LACK OF INSTRUMENTS
Traders urge caution vs opening airport
More News from Inquirer Mindanao
CAGAYAN DE ORO—A P7.9-billion airport ordered opened by President Aquino on April 30 still lacks navigational equipment that would make landing there at night safe, according to a business group here.
The Laguindingan Airport, which Mr. Aquino wants to be opened on April 30, does not have equipment to guide pilots landing their aircraft at night.
The new airport does not have what airport experts call Air Navigation Systems and Support Facilities (ANSSFs).
Among the equipment in the ANSSFs are instrument landing system, which tells an aircraft the precise position of the runway; VHF omni-directional radio range; distance measuring equipment; meteorological observing system; precision approach lighting system and precision approach path indicator.
Officials in charge of airport safety, however, said they see no problem with opening the new airport despite the lack of navigational equipment.
Regino Hofileña, head of the Civil Aviation Authority of the Philippines (CAAP) administration department, said pilots would have to rely on “visual flight rule” in landing aircraft in the new P7.9-billion airport in the absence of ANSSFs.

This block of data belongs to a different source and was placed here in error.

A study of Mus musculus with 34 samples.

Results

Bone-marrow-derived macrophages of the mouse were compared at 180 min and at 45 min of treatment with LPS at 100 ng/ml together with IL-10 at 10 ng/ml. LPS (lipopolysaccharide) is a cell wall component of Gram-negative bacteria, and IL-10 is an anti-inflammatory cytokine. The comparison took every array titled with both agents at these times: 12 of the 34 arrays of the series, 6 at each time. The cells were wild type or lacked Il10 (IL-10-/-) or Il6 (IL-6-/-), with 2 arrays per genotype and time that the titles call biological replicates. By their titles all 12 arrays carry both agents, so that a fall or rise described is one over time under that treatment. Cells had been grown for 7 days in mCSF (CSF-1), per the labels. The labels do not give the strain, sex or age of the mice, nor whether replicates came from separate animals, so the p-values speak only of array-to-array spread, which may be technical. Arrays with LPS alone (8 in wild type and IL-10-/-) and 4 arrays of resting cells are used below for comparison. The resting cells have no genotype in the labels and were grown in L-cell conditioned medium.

The Laguindingan Airport is being touted as a world-class international airport. It was funded by the Korean Import-Export Bank with counterpart funding from the Philippine government.
Construction started in 2007 and was originally scheduled to end in June 2012. The completion date was moved to this year.
At a visit to the airport site last month, Mr. Aquino ordered its opening in April to “bring progress to Misamis Oriental.”
The Oro Chamber of Commerce and Industry is opposing the “premature opening of the airport” because passenger safety could be compromised.
The business group passed several resolutions urging the government to install the needed instruments first before opening the airport.
Hofileña said officials are in the process of installing the needed instruments to make landing at the airport safe. Bidding has started for the pieces of equipment, he said.
Hofileña said without hitches in the bidding process and the purchase of the instruments, the equipment could be installed in the next six months.
Raul Glorioso, head of the Aerodrome Development and Management Service of CAAP, said CAAP is bent on opening the Laguindingan Airport and officials may resort to using equipment from the existing Lumbia Airport.
Glorioso said even if the needed pieces of equipment are not installed, the new airport could still be used but only at daytime.